Building connections between young peopleYST Building connections between young people
Young people feel disconnected, isolated and lonely and are less happy with their friendships than previous generations. Four-out-of-five adolescents report feelings of loneliness at some time, and almost a third describe these feelings as persistent and painful.
Feelings of isolation can be exacerbated for young disabled people, who are among the most likely to feel excluded and can also have fewer opportunities to be physically active. There are around 770,000 children with disabilities living in the UK — around 1 in 20.
Project: Allianz Dare to Believe Festivals
Building on the legacy of the Paralympics and a proud history of supporting inclusive sport, Allianz partnered with us to deliver a national series of 24 mixed sport festivals for over 100 primary schools across England. The events challenged attitudes and perceptions to special educational needs and disabilities among young people and within their local communities.
- 2,580 young people brought together to enjoy Paralympic sports like boccia and seated volleyball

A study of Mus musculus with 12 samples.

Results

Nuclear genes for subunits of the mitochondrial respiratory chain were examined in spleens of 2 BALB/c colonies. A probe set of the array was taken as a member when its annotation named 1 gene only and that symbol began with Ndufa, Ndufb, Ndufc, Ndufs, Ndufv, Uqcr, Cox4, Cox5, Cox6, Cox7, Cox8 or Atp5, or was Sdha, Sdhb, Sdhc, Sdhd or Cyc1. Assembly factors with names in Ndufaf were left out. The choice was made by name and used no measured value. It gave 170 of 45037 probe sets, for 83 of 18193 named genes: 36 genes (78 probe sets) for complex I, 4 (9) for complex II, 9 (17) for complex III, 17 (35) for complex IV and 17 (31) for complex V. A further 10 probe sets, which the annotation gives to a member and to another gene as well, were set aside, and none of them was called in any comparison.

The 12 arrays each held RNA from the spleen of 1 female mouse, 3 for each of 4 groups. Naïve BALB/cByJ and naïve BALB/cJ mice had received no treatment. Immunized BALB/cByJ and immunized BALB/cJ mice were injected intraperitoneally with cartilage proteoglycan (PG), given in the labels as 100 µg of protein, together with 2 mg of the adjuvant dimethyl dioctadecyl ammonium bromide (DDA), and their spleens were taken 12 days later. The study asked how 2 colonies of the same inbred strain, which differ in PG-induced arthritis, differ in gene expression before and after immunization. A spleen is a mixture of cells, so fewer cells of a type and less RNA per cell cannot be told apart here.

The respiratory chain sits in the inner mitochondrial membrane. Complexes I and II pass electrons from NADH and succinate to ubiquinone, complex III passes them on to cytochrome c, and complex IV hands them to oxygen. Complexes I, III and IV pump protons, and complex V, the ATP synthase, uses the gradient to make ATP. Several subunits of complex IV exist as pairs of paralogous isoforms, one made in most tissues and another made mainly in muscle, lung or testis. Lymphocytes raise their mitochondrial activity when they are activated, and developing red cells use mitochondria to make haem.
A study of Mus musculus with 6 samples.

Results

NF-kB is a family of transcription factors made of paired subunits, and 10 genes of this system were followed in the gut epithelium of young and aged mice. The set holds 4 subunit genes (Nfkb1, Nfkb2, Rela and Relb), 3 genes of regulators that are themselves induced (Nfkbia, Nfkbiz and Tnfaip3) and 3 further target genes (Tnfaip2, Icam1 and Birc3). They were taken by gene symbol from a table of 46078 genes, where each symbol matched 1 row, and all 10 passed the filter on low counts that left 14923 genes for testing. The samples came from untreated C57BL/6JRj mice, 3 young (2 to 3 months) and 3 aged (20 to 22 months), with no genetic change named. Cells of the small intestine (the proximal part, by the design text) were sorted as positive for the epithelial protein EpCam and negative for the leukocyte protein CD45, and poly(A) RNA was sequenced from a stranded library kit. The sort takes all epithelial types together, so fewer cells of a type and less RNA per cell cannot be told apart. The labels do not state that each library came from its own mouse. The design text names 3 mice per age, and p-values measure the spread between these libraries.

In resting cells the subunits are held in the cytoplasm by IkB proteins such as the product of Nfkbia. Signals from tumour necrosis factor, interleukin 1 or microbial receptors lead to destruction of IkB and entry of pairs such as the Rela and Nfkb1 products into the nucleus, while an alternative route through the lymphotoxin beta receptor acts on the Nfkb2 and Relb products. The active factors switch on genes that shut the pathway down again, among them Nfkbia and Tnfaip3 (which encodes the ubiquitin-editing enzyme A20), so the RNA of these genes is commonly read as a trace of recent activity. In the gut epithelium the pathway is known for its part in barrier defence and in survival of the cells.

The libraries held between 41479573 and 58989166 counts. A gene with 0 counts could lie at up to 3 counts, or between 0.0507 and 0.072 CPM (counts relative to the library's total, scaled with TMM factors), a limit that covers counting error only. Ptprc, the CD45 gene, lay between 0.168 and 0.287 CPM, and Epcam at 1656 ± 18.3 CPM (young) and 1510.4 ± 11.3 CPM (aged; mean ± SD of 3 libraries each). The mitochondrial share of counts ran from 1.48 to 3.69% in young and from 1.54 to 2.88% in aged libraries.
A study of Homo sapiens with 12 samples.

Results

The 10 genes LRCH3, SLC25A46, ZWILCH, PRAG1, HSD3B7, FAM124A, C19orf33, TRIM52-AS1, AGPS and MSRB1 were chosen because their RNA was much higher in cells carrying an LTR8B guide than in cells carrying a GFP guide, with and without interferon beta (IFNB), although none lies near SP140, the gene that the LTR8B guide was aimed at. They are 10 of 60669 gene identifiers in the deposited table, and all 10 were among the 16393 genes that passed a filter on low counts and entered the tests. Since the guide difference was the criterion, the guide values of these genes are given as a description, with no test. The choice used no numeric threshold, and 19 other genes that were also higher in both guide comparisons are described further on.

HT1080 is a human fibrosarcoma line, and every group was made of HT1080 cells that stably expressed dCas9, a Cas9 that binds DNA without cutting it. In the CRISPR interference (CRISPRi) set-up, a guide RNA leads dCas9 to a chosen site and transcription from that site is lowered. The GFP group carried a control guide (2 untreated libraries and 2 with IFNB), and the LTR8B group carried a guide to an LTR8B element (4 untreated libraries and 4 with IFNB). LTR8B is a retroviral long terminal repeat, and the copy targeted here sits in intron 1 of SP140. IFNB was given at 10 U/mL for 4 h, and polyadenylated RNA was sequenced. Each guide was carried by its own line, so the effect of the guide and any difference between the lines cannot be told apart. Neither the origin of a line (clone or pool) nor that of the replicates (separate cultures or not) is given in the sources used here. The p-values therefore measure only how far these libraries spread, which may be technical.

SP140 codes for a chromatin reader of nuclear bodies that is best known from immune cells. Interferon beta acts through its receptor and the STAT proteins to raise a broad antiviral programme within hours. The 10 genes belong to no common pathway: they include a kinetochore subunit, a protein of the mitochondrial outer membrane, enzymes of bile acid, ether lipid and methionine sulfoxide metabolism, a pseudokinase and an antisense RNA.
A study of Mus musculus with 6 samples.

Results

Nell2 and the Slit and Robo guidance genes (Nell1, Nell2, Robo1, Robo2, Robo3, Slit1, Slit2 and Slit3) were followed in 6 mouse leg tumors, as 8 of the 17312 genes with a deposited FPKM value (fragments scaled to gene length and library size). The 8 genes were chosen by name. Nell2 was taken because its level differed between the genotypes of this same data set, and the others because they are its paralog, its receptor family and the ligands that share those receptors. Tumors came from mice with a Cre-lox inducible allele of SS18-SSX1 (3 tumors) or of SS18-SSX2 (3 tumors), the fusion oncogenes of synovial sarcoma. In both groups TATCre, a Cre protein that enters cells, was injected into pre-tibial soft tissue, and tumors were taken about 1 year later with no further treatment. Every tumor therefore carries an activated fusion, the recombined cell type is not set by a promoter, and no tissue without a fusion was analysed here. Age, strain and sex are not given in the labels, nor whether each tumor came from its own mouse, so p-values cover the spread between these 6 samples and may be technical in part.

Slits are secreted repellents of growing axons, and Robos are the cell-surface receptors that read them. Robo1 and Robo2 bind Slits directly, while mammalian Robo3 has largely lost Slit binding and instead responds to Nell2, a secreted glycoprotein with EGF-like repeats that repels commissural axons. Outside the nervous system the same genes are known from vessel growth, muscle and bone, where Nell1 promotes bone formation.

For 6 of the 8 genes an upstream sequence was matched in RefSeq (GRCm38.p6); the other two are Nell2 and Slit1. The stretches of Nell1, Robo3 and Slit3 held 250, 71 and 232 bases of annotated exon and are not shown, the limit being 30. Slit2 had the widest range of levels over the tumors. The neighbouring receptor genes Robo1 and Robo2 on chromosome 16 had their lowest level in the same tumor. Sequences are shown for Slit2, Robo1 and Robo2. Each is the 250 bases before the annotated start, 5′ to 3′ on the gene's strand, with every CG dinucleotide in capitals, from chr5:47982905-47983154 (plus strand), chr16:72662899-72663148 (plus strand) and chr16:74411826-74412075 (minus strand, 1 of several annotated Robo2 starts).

- Three quarters of teachers reported that the festivals had helped their young people to make new friends or strengthen existing relationships
- 88% of teachers reported that their young people now better understood the importance of inclusive activity.
A primary school teacher engaged in Dare to Believe commented: "One of my SEND children was so positive about the experience that she had with the Dare to Believe programme that she is now attending further extracurricular clubs at school and her confidence has rocketed in her class and PE lessons. She is now a role model for other children in giving things a go."
Case study: Local People Project
This project connects schools and communities to unlock the social benefits of sport and physical activity in local neighbourhoods, fostering a sense of pride in the community. Fatima Hussein is an 18-year-old Muslim woman from a Somali community in the London borough of Brent. Through the Local People Project, delivered by YST on behalf of the People’s Health Trust, she has been given training and support to develop her confidence and aspirations to make a change.
She said: “Through my involvement in the Local People Programme, I have developed skills to support more young Muslim girls to get active in the community. I now regularly lead football sessions and give a voice to girls in my community. What I believe matters is that a person can show empathy, friendship and a sense of humanity. Sport does just this.”